After years of reconstructive surgery, Egypt's oldest man-lion is ready to show his new and improved face to the world...
A four year-long facelift seems appropriate for someone who has been around for over 4000 years so the Sphinx's restoration taking this long should come as no surprise. The good news is that he recovered from the procedure that saw him being unable to accept any visitors and is now going to present his new, refurbished appearance to the general public.
The restoration of the Sphinx saw the replacement of stones on the left side of the lion with the head of a man that had showed minor cracks. His breast and neck were also reconstructed and coated with a layer of a protective substance that is to protect the lion man from erosion and make sure that he can stick around for another 4000 years. The damages the statue had before have been sufficiently remedied so that in the near future tourists can have a close look at the world's biggest Sphinx again.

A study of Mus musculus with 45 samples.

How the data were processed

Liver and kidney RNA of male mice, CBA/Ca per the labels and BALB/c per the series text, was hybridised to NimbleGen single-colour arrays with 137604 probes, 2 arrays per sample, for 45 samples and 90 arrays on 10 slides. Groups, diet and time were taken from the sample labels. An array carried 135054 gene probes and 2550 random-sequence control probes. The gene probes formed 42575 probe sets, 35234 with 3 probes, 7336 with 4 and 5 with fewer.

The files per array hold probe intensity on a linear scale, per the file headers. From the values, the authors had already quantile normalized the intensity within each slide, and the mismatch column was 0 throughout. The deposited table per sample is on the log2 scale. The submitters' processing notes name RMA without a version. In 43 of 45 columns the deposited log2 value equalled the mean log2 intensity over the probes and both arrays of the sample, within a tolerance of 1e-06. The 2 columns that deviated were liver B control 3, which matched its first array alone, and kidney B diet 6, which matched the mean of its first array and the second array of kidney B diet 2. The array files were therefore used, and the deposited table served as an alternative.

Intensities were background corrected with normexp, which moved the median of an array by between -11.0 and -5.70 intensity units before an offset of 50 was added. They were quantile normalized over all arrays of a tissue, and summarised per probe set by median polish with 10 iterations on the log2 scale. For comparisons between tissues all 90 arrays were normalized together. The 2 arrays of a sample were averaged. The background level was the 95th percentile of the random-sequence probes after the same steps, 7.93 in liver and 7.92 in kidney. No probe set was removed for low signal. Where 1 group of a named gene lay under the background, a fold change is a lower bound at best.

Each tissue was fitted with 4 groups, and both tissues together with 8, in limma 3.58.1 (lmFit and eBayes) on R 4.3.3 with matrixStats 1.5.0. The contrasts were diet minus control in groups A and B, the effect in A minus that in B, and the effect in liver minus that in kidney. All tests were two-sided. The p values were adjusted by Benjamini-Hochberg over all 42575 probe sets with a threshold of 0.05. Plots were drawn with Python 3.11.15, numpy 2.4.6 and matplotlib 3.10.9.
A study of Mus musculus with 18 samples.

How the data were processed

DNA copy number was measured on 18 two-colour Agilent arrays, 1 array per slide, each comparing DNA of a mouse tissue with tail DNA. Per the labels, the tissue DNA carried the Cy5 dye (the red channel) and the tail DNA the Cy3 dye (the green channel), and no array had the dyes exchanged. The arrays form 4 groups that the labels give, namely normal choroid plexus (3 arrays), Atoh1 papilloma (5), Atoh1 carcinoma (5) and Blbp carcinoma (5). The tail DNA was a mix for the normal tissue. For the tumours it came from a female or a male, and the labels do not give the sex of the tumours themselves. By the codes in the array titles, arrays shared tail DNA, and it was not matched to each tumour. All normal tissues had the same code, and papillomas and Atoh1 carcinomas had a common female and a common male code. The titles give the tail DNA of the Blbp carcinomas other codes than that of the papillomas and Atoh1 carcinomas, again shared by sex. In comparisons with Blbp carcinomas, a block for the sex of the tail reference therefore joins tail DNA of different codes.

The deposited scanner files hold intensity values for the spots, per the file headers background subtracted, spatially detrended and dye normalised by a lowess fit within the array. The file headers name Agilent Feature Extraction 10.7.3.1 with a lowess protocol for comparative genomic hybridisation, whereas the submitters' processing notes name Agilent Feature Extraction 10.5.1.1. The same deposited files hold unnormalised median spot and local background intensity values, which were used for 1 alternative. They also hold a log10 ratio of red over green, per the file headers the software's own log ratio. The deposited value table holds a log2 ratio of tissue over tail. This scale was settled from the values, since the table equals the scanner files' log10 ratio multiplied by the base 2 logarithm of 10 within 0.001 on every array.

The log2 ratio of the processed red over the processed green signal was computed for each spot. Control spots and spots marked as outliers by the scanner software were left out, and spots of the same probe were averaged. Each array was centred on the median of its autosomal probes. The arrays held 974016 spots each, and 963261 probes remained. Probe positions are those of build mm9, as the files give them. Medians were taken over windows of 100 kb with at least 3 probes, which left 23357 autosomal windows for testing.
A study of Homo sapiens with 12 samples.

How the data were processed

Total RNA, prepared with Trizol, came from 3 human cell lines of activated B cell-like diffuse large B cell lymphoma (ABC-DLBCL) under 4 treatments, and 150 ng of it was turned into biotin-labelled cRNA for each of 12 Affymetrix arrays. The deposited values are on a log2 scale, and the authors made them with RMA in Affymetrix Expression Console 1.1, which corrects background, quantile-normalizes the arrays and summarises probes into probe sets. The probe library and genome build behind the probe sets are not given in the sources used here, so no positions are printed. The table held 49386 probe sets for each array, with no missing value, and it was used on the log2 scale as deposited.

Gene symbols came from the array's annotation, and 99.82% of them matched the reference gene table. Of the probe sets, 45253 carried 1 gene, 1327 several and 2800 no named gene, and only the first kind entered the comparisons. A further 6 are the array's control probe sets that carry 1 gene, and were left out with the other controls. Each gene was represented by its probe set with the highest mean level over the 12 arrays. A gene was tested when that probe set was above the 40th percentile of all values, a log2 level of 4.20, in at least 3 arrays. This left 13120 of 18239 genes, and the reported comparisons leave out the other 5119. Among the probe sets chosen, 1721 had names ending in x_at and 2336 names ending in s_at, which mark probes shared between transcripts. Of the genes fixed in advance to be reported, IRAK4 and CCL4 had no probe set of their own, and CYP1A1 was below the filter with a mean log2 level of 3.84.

Antiquities Minister Mohammed al-Damati did not want to name a date yet but soon it will be possible for tourists to walk the Sphinx's courtyard again. Carved from a single ridge of stone, the monument sits in front of the Great Pyramids of Giza, therefore benefitting from a backdrop that features the last remaining Ancient World Wonder of the World. Along with the reopening of the Sphinx, the small temple attached to it will be accessible for tourists once again as well. For those who do not want to wait, the smallest of the Great Pyramids, the Menkaure pyramid, will reopen on Monday after three years of restoration.